Beards are great for rubbing when deep in thought; they block the sun from burning your face; they hide neck flab; and they suggest a life free from razor burn. But while facial hair may be a product of natural processes, beards won't take a healthy shape without a little help.
Trimming, shaping, fading, cleaning, combing, and conditioning is all part of the game and changes depending on what style you want and type of facial hair you were born with. There's no one correct way to have a beard, so we asked barbers from across the country to weigh on what guys should be doing to grow, maintain, and care for the most popular styles of facial hair.
The Messy Look
The beards on Justin Vernon (of Bon Iver, pictured), or Nick Offerman (Parks and Recreation) are burly in just the right way – overgrown but not amorphous. "The key here is to keep it shaped to the face and address the neck correctly," says Mike Sposito, Head Barber at FELLOW Barber Brooklyn. Both the neck and cheek lines are kept natural, but are slightly faded to match the contours of the face, which isn't the same for every guy.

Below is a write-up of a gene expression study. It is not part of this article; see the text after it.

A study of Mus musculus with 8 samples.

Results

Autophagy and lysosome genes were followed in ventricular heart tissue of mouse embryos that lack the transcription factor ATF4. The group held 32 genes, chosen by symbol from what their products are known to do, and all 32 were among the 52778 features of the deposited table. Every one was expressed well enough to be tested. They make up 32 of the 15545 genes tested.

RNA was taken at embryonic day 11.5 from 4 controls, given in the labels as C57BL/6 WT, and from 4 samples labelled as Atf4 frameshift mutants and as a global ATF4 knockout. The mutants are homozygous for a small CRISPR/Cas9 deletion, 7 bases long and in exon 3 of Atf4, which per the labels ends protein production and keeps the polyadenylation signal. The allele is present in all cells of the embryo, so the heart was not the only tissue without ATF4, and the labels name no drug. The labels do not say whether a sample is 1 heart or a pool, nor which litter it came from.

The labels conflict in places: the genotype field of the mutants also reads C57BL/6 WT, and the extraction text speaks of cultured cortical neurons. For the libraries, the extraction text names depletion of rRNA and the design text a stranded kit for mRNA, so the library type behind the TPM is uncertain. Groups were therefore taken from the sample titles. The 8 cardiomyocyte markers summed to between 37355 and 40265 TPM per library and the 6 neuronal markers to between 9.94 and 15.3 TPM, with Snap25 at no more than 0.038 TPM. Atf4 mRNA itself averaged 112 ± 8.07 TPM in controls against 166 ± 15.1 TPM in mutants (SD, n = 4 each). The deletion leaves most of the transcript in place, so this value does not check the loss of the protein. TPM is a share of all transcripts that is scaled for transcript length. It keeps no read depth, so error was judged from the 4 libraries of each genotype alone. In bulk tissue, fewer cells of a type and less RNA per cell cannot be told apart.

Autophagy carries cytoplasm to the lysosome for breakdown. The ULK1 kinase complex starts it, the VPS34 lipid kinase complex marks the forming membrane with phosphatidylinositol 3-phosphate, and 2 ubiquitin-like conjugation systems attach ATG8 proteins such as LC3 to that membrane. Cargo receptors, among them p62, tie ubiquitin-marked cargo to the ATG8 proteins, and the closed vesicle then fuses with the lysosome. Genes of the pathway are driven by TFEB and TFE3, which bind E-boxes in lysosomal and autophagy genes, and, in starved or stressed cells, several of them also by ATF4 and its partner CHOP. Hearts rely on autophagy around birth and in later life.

Beard fades can be tricky to do at home since they combine two very nuanced movements – slight increments of length that happen along the same line of origin. Paco O'Keefe, barber at The Modern Man Barber advises to start by trimming the beard all to one length. Then go two sizes down on the guard and shave from the adam's apple to about one or two inches below your jaw; connect the two lengths by blending with number guard in between. It's a little tricker along the cheek line, where manmade lines are more visible. Getting it wrong can ruin any vestige of having an un-groomed beard, but hitting the mark on the spot will turn an otherwise uninviting jungle of face fuzz into a good looking forest.